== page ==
You are here
In a world where the lines between online, mobile and in-store shopping continue to blur, consumers have become accustomed to having a diverse array of purchasing choices at their disposal, whether at the register or with the click of a mouse or tap of a touch screen. How is the evolution of technology impacting grocery shopping today? How will it impact the grocery store of the future?
Today’s shoppers are tech-savvy
To be sure, the traditional grocery store remains a top channel for brick-and-mortar shopping. According to a Forrester estimate reported by CNBC in June of this year, grocery only accounts for 2.2 percent of online sales. Unlike categories such as electronics or books, there are important sensory aspects to grocery shopping that are difficult to replicate online — people often prefer to check the ripeness of their produce before they buy, or take a look at what’s available at the prepared foods counter when they want to pick up something fast for dinner.
But especially as smart phones become ever more ubiquitous and consumers ever more technically savvy, grocery chains that fail to adapt their in-store strategies for the multi-channel shopper will put themselves at a disadvantage. The day is coming when “smart refrigerators” might place orders that consumers pick up on the way home from work, or when shoppers will want to check register wait times before they stop at the store.
Data drives good decisions
Data is the fuel that drives the profitable multi-channel service strategies, regardless of the purchasing method that shoppers choose. And for a long time now, ecommerce channels have had the advantage of clickstream data to inform decisions about promotions, pricing, product selection and more.
Grocery chains need equally rich sources of real-time data to ensure that their in-store customers have the best and most seamless experience possible. Data about last week’s traffic and sales numbers may be useful for corporate decision-makers, but won’t help address an unexpected surge of shoppers or an out-of-stock issue as it’s happening.
With the help of innovative in-store analytics technologies that collect and analyze “in the moment” data about traffic numbers and shopper behavior in-store, decision-makers can refine their staffing, merchandising, marketing and loss prevention strategies. Accurate metrics captured at entrances and exits, at queues, in the aisles and throughout the store empowers grocery chains to improve performance in the following areas:
At registers – According to a survey of consumers conducted by Retail Systems Research, nearly 20 percent of shoppers will abandon their carts and shop elsewhere if the check out line at the register is too long. This estimate translates into a lot of lost sales. Precise counts of in-store traffic and accurate measurement of individual service times can empower grocers to better manage staff deployment and queue logistics to keep checkout times within an acceptable threshold. When longer-than-usual waits do happen (whether at the holidays, or due to events like an upcoming storm) savvy grocers can even merge in-store analytics with location and mobile technologies (text alerts, for example) so they can better communicate with customers about what to expect.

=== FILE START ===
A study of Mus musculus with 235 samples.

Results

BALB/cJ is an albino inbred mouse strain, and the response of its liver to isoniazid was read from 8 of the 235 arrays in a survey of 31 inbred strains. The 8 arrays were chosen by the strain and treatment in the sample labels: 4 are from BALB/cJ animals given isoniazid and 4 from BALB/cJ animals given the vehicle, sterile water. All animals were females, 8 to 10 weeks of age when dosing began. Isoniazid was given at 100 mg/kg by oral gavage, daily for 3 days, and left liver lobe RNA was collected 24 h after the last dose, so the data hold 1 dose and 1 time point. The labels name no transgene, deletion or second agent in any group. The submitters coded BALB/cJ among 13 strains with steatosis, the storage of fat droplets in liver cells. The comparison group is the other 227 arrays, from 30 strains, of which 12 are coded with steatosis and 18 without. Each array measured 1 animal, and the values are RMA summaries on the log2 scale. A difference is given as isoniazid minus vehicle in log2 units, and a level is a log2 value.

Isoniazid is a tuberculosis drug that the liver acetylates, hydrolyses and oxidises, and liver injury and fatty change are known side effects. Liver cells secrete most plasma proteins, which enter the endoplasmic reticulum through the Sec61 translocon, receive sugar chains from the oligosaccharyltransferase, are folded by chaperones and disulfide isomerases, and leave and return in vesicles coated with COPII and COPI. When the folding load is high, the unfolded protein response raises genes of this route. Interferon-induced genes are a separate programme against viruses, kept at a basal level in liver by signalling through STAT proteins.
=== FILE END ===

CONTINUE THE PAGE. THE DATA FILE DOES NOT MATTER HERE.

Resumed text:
Promotions and end caps – Are end caps drawing customers into the aisles? Is the promotion for a new brand of coconut water driving up sales? Brick-and-mortar grocers need to make the most of every available square foot. But since there’s no digital trail left by shoppers in the real world, how do grocers know if the valuable real estate given over to a big display is producing the desired result? Positioned in aisles or near end caps, in–store data capture technologies can be used to collect information on dwell times and customer behavior around displays to help grocers understand the impact of promotions and other types of in-store marketing strategies so they can calibrate accordingly.
Inventory management – Is your romaine lettuce looking wilted? Are you running low on Greek yogurt in aisle two? Sometimes information on what a customer didn’t buy is just as valuable as what they ultimately put in their cart. When grocers have real-time information about what’s happening throughout the store (perhaps a lot of customers are picking up the Romaine lettuce and then putting it back on the shelf, for instance) they can keep tabs on product freshness and out of stocks and ensure that inventory operations from back to front are running smoothly.
Bricks and clicks – Combining in-store analytics technologies with mobile and online data offers exciting possibilities for stores serving a growing percentage of multi-channel shoppers. “Click-and-pick up” is one service area that’s already becoming more popular with consumers. Marketers are starting to experiment with location-based promotions that deliver coupons to shoppers while they are at stores. These are just a few of the possibilities. Others include mobile apps that communicate product availability, product location and even open parking spaces, as well as interactive in-store displays that link to online offers and more.
Online giants Amazon and Google have recently entered into the grocery arena, and Bloomberg Businessweek reports that online’s share of the grocery business could reach 11 percent by 2023. The report goes on to state that real-world grocery chains “should turn brick-and-mortar supermarkets into destinations, offering free samples, good lighting, friendly staff, and a fun, welcoming environment.” The ability of grocery chains to deliver the best experience possible, today and tomorrow, will engender loyalty and keep customers coming through the door. And in-store analytics technologies will give grocers the advantage of insight as they continue to adapt to the multi-channel shopper.